10 reasons why we may actually have a nuclear war with North Korea.

A respected pundit on national television last night was asked if she really believed that there would be a nuclear war with North Korea.

“Probably not,” she answered.

That’s not good enough.

Even the possibility of such a serious event needs to be considered. Newsweek says a war with North Korea would result in one million dead. And that is if it doesn’t go nuclear.

None of us can even contemplate the death toll of a nuclear exchange. Some estimates say 10 million lives. Some say much more. Even if the United States totally annihilated her enemy, even one nuclear hit on our mainland would substantially reduce us as an economic power.

Below are ten reasons why nuclear war may happen.

#1) North Korean president, Kim Jong-Un has a psychotic streak. If NBC and USA Today are to be believed, he fed his uncle to live, hungry dogs. (Really?) And CNN says he likely arranged the assassination of his own half brother.

#2) Kim Jong-Un has shown a willingness to sacrifice his own people.

He has maintained prison camps for thousands of North Koreans, many who were born into the camps, where they are still imprisoned, because of the crimes of their parents.

A recent escapee reported that he was encouraged from birth to denounce his own parents and witnessed their torture and execution.

Thus the deterrent of mutual assured destruction, (MAD), that held the world in check for two generations, may no longer offer restraint.

#3) Kim has paid a huge price to get his nuclear weapons.

He allowed millions of North Koreans to die in a national famine, while using all of his resources to advance his military. For what purpose?

#4) Reports suggest that North Korea is on the verge of economic collapse and may be willing to sell its nuclear technology to terrorist organizations such as ISIS or to Iran.

#5) Kim’s hostility toward America is three generations in the making. Both his father and grandfather saw the United States as their chief enemy.

#6) Kim showed what he is capable of doing up close in the personal example of Otto Warmbier. Otto was an American student, visiting North Korea with a youth group. He was arrested for trying to take a propaganda poster as a souvenir. He was sentenced to 15 years in prison and then given an early release. He returned to the United States in coma where he died within days.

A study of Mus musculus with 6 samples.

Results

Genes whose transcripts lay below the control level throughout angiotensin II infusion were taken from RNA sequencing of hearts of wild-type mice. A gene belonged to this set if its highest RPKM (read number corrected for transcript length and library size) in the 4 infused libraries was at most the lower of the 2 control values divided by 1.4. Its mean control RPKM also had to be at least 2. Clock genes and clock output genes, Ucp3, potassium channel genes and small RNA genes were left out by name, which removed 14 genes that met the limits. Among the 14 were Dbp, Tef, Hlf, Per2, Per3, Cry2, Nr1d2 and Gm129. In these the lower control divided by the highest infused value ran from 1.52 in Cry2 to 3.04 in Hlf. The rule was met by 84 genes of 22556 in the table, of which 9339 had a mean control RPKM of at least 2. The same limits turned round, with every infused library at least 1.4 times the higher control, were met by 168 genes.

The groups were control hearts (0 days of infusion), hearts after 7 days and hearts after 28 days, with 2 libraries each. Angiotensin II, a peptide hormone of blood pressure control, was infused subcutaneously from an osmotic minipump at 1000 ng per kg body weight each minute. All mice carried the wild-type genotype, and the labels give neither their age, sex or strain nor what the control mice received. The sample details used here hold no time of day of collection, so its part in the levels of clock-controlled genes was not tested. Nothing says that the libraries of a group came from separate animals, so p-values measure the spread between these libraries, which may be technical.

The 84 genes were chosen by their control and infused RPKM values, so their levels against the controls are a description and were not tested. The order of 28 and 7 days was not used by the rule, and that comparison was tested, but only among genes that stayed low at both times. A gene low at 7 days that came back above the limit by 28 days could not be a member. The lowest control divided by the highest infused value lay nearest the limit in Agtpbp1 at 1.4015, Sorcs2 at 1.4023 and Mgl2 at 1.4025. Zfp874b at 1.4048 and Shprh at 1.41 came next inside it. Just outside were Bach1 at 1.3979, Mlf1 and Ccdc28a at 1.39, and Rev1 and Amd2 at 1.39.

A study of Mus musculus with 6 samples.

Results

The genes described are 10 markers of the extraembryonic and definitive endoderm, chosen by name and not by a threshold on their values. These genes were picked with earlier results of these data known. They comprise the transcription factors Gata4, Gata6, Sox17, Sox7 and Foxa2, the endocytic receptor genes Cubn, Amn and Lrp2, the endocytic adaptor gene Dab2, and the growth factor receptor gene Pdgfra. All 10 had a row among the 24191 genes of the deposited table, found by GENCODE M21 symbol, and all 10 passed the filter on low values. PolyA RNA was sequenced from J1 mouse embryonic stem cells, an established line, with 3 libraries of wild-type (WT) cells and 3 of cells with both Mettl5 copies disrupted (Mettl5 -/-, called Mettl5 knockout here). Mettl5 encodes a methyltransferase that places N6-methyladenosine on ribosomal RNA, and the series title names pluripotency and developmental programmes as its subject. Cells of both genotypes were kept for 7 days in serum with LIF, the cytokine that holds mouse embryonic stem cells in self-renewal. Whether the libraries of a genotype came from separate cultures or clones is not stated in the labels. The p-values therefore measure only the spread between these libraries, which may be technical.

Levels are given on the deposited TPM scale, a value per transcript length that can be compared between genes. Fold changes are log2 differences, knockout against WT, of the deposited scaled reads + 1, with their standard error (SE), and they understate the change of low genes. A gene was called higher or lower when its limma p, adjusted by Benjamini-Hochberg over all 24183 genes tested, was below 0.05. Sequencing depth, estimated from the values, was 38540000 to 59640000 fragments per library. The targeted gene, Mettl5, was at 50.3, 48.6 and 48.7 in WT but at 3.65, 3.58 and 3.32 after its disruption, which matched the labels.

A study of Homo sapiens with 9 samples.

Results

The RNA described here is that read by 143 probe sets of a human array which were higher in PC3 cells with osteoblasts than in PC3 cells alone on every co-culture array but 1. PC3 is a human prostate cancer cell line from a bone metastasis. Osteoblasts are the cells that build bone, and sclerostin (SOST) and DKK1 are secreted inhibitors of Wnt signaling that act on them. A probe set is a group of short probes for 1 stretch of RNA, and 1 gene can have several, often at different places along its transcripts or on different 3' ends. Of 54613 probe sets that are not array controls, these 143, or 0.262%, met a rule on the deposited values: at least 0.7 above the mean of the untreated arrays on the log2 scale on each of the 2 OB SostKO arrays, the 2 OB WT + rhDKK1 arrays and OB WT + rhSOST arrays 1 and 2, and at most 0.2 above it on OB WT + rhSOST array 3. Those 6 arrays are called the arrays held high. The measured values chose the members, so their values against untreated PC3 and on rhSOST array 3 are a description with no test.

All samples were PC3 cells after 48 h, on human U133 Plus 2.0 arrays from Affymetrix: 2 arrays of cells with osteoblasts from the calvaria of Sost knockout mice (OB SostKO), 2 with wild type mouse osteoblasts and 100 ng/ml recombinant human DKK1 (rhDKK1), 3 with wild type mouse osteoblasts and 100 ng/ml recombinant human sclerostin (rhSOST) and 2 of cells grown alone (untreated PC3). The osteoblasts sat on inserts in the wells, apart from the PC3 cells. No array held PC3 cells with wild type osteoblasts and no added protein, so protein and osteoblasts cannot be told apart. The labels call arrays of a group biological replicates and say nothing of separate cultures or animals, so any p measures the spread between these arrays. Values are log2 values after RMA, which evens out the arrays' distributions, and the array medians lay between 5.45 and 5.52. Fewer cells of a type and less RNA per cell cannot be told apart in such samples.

#7) Communist ideology allows for mass murder.

One of its tenets, promoted by Lenin, holds that there should be a one party state. This has led to the execution of opponents. Scholars estimate that the number of mass murders by communists regimes is between a low of 21 million to a high of 70 million. But some scholars put the figure at 85-100 million.

I visited Cambodia after the genocide of Pol Pot. In his virulent version of communism, he marked for execution all educators, journalists, artists, clergy, soldiers and even anyone wearing eye glasses. It was determined that if a person wore eye glasses they could probably read and Pol Pot wanted to build his new Marxist regime from the bottom up. We have no way of knowing what Pol Pot would have done if he had nuclear weapons.

#8) Kim is isolated and surrounded by sycophants. It will impact his judgement.

We have all experienced hubris in ourselves and others. Having worked for more than one president, I can tell you that the most humble, self effacing, person can be corrupted and will become corrupted within weeks of power. Kim Jong-Un has been insulated from criticism and lavished with praise for three generations.

#9) Kim may be talented enough to fund and build his nuclear program and still, at the same time, be illogical in conducting his nation’s war policy.

Governments can be both efficient and illogical at the same time. The Germans under Hitler organized the mass execution of millions of people even while many of their victims argued right up to the end that such a government program was not possible, that they and their professions were needed for the war effort. Why would a government kill its own doctors, scientists and talented engineers?

#10) History is filled with the stories of miscalculations that led to war.

World War One began when clumsy diplomats misunderstood communications.

We are told that the United States has many options and need not fear. I sat in the Green Room of Fox yesterday, talking to two, respected generals, who outlined what we can do to protect ourselves. But both generals admitted that we have consistently miscalculated about North Korean nuclear capabilities. And many of our options for defense have never been put to the test.

Can a government that cannot run its own Veteran’s Hospitals perfectly execute every offensive military program, every time?





Published by Doug Wead

Doug Wead is a New York Times bestselling author whose latest book, Game of Thorns, is about the Trump-Clinton 2016 election. He served as an adviser to two American presidents and was a special assistant to the president in the George H.W. Bush White House.